A recent bill proposed by Rep. David Livingston, R-Peoria, made headlines, as it would have required a vast number of Arizonans to give up their DNA to be put into a state database.
An amendment added to the bill yesterday in the Senate Transportation and Public Safety Committee limits its scope to apply only to rape kits, but major questions still remain, chief among them: Is genetic information truly safe, even in the hands of a government agency that promises to anonymize the data?
The answer, like our DNA, is complicated.
First, we have to go back to 2013 and talk about a young computational biologist named Yaniv Erlich.
Erlich and others discovered that they could identify people in anonymized DNA data given to him by merely using the internet.
They used databases and research tools that are open and free to the public to identify people in the data they were given.
After they released their findings, lawmakers responded by passing legislation that restricted access to that type of data. Previously, it could be accessed by a large variety of entities.
The issue was resolved and everyone felt safer. Or so it seemed.
With the advent of companies like 23andMe popularizing genetic testing and many websites allowing people to connect their DNA test results to large ancestry databases, there has never been more information so readily available to be used and misused.
But it’s all safer now right?
Elrich posted yet another study late last year which used online ancestry databases like Ancestry.com to identify people – even ones who had not given up their genetic information.
“Using genomic data of 1.28 million individuals tested with consumer genomics, we investigated the power of this technique,” the report reads. “We project that about 60 percent of the searches for individuals of European descent will result in a third-cousin or closer match, which theoretically allows their identification using demographic identifiers.”
In essence, what the report says is that, if you are of European descent (approximately 72 percent of the US population in 2010), your genetic information can likely be found due to the fact that so many people are already in the existing databases.
That third-cousin level of relation was all the police needed to catch the Golden State Killer last year.
Elrich and his team of researchers were able to take the genetic information of an anonymous female who was part of the 1000 Genomes Project and uploaded her genetic profile to an online resource. After only an hour of public records searching, they were able to track down the woman and her husband.
Livingston’s bill was the product of a Colorado-based genetics company. The company, ANDE, does rapid genetic testing, something that the bill emphasizes would be used.
ANDE spokeswoman Annette Mattern told Arizona Mirror that security concerns around genealogical companies is justified and expressed her own concerns over how that data is being used. However, Mattern said that the type of genetic information obtained from the testing her company’s equipment performs is not as easily manipulated.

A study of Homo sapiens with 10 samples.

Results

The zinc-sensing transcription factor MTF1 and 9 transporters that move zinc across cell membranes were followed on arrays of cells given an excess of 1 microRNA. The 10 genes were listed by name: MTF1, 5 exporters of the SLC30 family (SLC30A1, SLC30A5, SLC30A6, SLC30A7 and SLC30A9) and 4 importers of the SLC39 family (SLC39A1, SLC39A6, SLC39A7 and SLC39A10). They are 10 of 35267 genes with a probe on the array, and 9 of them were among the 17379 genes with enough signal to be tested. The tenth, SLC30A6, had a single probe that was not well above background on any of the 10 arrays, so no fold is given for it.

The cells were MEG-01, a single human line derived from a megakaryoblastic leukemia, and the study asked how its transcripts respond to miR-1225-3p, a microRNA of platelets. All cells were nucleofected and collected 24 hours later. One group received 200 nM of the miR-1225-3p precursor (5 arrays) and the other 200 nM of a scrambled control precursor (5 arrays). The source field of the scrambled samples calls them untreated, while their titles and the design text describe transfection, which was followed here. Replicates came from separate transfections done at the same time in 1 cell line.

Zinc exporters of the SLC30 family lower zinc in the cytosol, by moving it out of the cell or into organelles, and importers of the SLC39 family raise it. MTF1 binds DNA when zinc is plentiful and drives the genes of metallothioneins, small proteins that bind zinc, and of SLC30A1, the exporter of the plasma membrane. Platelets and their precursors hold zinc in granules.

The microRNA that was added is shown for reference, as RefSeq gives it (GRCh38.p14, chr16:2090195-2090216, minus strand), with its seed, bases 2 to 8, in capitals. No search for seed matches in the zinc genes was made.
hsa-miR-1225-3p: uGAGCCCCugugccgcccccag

Instead of getting a full genetic profile like many of the popular genealogy companies, ANDE only gets what Mattern referred to as a DNA “VIN number” that doesn’t include some of the genetic identifiers, such as eye color, that would be included in those other forms of testing.
“It’s kinda like saying all cancer is alike,” Mattern said about grouping those concerns over security with ANDE. “It’s more complicated than that.”
If the bill were to become law, the Arizona Department of Public Safety would be in charge of the database.
That makes it safe right?
DPS has a history of being hacked, most recently in 2011 when the hacktivist group LulzSec hacked them twice to expose “evil deeds.”
Yuma County Sheriff Leon Wilmot also added additional concerns in a comment he left for lawmakers on the legislature’s Request To Speak service when he registered his opposition to the bill.
“Speaking with DPS they were not consulted on being able to stand up to this type of operation and are even trying to see how long it would take as well as associated costs,” the Sheriff said adding that the legislation “could impact criminal DNA cases that are pending now as well.”
Other Arizona agencies haven’t fared better, either.
Coconino County had to alert its employees to a hack that exposed protected health information of up to 467 employees and the Department of Economic Security was found to have such lax cybersecurity measures that auditors were able to hack in with no one knowing.
But Livingston’s bill is unlikely to pass due to the fact that it will require a supermajority to pass, as it would increase revenue due to a $250 fee that would be imposed on anyone who has to submit their DNA to the state.
So, is your genetic information safe?
Well if you are white and live in the United States, the answer is likely no.
Our stories may be republished online or in print under Creative Commons license CC BY-NC-ND 4.0. We ask that you edit only for style or to shorten, provide proper attribution and link to our web site. Please see our republishing guidelines for use of photos and graphics.